Many (if not all) of vineyards east of the Rockies have challenging summer time conditions that promotes develpment of major fungal diseases such as downy mildew, powdery mildew, black rot, Phomopsis cane and leaf spot, and Botrytis, we often focus our discussion on these diseases.  However, we should not forget about trunk diseases that can affect the life of grapevines. Some of the examples are: Botryosphaeria canker, Petri disease (aka Esca), Crown Gall, and Eutypa dieback. In addition, some of the other pathogens such as Phomopsis are also capable of infecting woody tissues.  

These diseases typically cause damages to the infected vines in a long timespan. Thus, the infection today may not cause any obvious damage until a few years from now. These pathogens act more like a “silent killer” and can shorten the life of the vine by 5-10 years. Thus, the prevention of these diseases will benefit you in a long run. On the other hand, if you have younger vines (up to 5 years or so), these diseases can progress rapidly and cause a decline of the infected vine within a year or two. 

Since these pathogens limit the movement of water and nutrients by infecting xylem and phloem, typical symptoms of these diseases are discoloration of leaves and shoots.  However, often time it is very difficult to diagnose what is going on because many of symptoms are very similar to each other.

To address these issues, our lab have a collaborative project with Dr. Kendra Baumgartner's group at USDA/ARS in Davis, CA.  We obtained USDA/NIFA Specialty Crop Research Initiative grant in 2012 to investigate more on these important diseases.  The primary focus of our group is to develop extension tools that can help diagnostics as well as development of management strategies.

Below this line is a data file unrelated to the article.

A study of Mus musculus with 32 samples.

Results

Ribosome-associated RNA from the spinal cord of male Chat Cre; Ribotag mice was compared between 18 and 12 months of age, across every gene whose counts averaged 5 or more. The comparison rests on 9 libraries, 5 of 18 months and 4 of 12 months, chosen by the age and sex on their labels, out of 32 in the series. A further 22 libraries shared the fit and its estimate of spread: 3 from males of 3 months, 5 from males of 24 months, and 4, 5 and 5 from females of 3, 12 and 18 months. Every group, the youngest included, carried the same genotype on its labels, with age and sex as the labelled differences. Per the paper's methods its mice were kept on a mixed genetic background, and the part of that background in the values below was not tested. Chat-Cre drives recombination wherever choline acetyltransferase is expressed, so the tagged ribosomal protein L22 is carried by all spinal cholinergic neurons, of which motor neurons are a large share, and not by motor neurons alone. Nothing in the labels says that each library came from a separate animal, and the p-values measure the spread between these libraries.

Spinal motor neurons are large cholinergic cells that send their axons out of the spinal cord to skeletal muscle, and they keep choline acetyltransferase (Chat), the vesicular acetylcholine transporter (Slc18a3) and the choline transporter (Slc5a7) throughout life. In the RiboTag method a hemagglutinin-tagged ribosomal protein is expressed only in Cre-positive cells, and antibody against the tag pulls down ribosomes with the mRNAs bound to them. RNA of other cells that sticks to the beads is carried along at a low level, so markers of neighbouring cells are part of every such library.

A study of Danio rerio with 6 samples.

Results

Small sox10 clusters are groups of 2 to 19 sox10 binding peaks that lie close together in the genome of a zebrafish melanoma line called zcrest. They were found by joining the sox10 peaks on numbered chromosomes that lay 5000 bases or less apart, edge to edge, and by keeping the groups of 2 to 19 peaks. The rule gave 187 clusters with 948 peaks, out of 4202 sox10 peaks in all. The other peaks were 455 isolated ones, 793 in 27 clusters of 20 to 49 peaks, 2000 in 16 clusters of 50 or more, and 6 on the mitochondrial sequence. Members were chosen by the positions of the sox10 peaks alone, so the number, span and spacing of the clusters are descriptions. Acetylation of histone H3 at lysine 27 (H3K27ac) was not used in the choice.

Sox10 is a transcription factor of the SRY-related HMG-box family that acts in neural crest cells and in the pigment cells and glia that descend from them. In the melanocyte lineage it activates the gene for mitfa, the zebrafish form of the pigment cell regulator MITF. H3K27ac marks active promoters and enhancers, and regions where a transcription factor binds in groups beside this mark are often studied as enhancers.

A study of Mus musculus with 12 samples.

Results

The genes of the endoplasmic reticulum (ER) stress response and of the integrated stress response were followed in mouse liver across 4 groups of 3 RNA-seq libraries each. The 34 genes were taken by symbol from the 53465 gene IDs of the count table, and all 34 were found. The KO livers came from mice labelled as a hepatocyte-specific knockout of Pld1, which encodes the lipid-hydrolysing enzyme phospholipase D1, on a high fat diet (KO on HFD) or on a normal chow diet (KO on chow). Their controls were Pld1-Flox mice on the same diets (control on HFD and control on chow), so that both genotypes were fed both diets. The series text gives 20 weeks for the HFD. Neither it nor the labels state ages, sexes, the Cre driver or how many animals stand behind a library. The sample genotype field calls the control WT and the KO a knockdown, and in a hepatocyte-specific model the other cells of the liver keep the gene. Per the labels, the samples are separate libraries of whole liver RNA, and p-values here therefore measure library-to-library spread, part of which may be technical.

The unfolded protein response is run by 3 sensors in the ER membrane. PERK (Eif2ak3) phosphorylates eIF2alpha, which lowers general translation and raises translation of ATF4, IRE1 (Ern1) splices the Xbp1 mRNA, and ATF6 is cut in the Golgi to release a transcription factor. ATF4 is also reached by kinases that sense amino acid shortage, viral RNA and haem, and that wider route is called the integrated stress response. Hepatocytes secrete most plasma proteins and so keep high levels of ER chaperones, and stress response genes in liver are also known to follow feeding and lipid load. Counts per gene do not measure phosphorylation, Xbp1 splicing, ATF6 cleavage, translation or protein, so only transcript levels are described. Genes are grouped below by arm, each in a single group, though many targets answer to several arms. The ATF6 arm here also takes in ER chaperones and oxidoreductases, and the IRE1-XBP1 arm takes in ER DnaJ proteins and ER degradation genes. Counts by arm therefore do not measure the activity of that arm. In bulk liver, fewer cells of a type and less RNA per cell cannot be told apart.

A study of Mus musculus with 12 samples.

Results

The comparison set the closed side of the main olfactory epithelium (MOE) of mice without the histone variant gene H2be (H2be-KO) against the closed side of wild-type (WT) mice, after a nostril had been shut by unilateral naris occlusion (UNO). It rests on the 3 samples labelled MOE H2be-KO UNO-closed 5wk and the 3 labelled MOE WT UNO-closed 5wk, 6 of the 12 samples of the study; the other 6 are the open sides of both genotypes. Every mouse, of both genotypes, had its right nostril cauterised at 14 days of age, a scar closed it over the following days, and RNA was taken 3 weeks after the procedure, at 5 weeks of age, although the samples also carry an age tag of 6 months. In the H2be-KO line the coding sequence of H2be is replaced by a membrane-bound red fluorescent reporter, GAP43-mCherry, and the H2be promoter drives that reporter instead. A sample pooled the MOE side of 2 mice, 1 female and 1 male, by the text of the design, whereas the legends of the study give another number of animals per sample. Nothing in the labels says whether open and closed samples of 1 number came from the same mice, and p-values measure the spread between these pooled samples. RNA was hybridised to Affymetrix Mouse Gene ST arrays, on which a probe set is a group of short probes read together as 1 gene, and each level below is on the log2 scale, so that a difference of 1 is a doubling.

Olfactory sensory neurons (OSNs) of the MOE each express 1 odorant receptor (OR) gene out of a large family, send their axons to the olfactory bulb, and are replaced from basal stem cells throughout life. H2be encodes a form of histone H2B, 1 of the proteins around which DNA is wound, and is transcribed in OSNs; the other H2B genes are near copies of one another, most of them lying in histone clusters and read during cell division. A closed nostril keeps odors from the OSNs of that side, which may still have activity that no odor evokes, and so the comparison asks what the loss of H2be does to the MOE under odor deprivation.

If you are interested in our activities, please visit our project site (Note: we are still working on the hosting site, I am hoping to have it published by mid-April 2014).  In the future, our plan is to provide 1) Mobile/Web application for trunk disease diagnostics, 2) Updated factsheets for major trunk diseases, 3) Develop a new trunk disease database, 4) Offer webiners and video clips on trunk disease management, and 5) Offer in-service trainings for extension agents, crop consultants, certified pesticide applicators, etc. 

Also as a part of the project activities, I have uploaded trunk disease management guide for VA.  Please take a look at it. 


  1. The second picture depicting vine leafs with brown areas and brownish wilting leaves caught my eye. I've got this in a few areas of my vineyard and at first I thought I was fighting Downey Mildew, but these leaves didn't really look like the Downy Mildew pictures in my IPM Scouting Guide. I took pictures and was going to try and find someone that could identify what's going on. I marked the infected shoots and have been observing that there doesn't seem to be any spread to adjacent non-infected shoots on the same vine cordon. I would like to learn more and hopefully there is a way to not loose the vines or at least learn how to best manage and prevent the spread. Can you point me in the right direction to get some assistance? My vines are located in the Catlett, Virginia area.

  2. Hi Michael,
    The best way is to send some samples (unfortunately, it has to be trunk tissue to isolate the pathogen) to VT's plant disease clinic. If you contact your local extension agent, they will assist for the submission of your sample. If you do, please put my name, along with your extension agent's name on the form so that I will also receive a report from them.

    If it is indeed Esca (aka Petri disease, black goo), chances are you can re-train the vine by cutting the infected area and promote basal buds to come out. (I.e., if you notice suckers coming out this year, you may want to keep it.) This pathogen is relatively slow growing, thus, if you rotate your trunk every 4-5 years, I think you can manage the vine. If you have further questions, please shoot me an email.